This week is Spain’s annual Running of the Bulls as the Sanfermines Festival. Whether you are participating in person or watching it on your television at a safe distance, its rich history is worth noting.
Not Just For Barcelona…
While most are familiar with the event held in Pamplona, Spain, “running of the bulls” is a common practice throughout parts of Europe. A group of cattle, typically six, are let loose on sectioned-off streets of the city, chasing after participants. It is typically part of a summer festival, with certain breeds being favored over others. These bulls may also be used for bullfighting after the run has concluded.
In Pamplona, the Running of the Bulls has escalated to a worldwide phenomenon. Held during the nine-day Sanfermines Festival, tourists gather to watch the runners and cattle take to the streets. It’s a heavily- regulated event, with police involvement and strict requirements for participants. For those outside of Spain, the run is typically broadcast live on TV.
The encierro, as it is typically called in Spanish, begins with the racers singing a hymn and praying to Saint Fermin for protection. The benediction can be roughly translated to “We ask Saint Fermin, as our Patron, to guide us through the encierro and give us his blessing.” The runners are often found dressed in the traditional white with red waistband and neckerchief. Then, at exactly 8 AM, the first rocket goes off, and the chase begins.
As the first rocket is released, the doors to the bullpen are opened. A second rocket notifies the runners all six bulls have left the pen. Two more are set off as the first and last bull enter the bullring, signaling the end of the event. All told, it lasts an average of two and a half minutes. The route is only 957 yards, roughly nine-and-a-half football fields. Despite lasting only a few moments, it’s still one of the most popular sporting events in the world.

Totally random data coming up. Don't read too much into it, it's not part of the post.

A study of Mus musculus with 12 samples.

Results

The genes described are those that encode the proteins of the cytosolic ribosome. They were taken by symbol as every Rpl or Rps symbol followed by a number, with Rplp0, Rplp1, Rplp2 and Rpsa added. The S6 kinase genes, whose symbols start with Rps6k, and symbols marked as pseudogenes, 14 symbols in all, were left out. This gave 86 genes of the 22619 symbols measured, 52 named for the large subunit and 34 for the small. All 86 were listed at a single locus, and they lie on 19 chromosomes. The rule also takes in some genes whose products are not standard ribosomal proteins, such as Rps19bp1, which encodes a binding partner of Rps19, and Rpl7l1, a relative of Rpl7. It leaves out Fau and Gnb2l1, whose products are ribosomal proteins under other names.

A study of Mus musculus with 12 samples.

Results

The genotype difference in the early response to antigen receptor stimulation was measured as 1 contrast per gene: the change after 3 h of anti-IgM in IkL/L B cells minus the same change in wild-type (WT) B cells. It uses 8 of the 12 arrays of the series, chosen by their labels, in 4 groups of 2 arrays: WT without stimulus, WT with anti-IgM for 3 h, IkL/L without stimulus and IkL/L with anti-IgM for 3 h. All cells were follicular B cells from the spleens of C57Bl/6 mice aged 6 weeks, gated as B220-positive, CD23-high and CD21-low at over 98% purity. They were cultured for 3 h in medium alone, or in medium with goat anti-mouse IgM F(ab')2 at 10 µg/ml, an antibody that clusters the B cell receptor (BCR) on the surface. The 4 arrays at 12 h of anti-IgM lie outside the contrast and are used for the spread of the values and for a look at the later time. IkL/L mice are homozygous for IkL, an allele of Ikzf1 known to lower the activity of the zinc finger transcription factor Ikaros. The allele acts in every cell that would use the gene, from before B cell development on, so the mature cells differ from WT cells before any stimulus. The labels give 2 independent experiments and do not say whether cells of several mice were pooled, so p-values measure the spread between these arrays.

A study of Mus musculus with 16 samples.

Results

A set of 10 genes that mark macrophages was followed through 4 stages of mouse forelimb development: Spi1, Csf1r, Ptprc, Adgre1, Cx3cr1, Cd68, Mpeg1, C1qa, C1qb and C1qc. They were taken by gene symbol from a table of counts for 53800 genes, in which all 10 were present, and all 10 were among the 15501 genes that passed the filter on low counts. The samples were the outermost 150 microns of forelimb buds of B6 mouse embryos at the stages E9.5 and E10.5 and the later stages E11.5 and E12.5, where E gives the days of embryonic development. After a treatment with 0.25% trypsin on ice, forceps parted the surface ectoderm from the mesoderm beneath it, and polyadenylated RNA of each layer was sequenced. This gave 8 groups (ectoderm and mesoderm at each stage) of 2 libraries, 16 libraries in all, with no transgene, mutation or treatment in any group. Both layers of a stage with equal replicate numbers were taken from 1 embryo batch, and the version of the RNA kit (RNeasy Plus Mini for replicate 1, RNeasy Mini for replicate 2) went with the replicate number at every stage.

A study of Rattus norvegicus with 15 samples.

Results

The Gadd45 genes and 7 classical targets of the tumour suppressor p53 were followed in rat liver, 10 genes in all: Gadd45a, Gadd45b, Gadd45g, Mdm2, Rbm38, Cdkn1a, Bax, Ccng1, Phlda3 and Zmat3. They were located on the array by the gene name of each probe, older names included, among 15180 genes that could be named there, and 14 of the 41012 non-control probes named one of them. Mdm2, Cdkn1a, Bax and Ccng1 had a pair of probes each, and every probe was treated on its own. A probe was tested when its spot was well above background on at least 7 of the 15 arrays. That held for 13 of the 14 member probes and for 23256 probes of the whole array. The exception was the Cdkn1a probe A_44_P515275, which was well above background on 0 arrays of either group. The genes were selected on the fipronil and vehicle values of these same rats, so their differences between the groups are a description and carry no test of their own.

Thank You, Hemingway
The Pamplona event partially rose into worldwide prominence thanks to American author Ernest Hemingway. Hemingway had watched the Running of the Bulls during his travels and would later be the focus of his books The Sun Also Rises and Death in the Afternoon. About 30 years prior, Louis Lumiere had filmed the Running of the Bulls as one of his first forays into cinema. This started a long trend of bull running in film, including documentaries and fictional works like City Slickers and Zindagi Na Milegi Dobara.
Being part of a festival means the Running of the Bulls is only one event of a larger celebration. Daily bull runs continue throughout the week, as do the bullfights. There are fireworks contests, dancing, rural sports demonstrations, and concerts practically every day. For kids (and those not too keen on facing down a real bull), the “Toro de Fuego” offers the same exhilaration. A fake bull filled with gunpowder chases guests through the streets. It’s safe and a wonderful spectacle of color, but the official website does suggest bringing a jacket.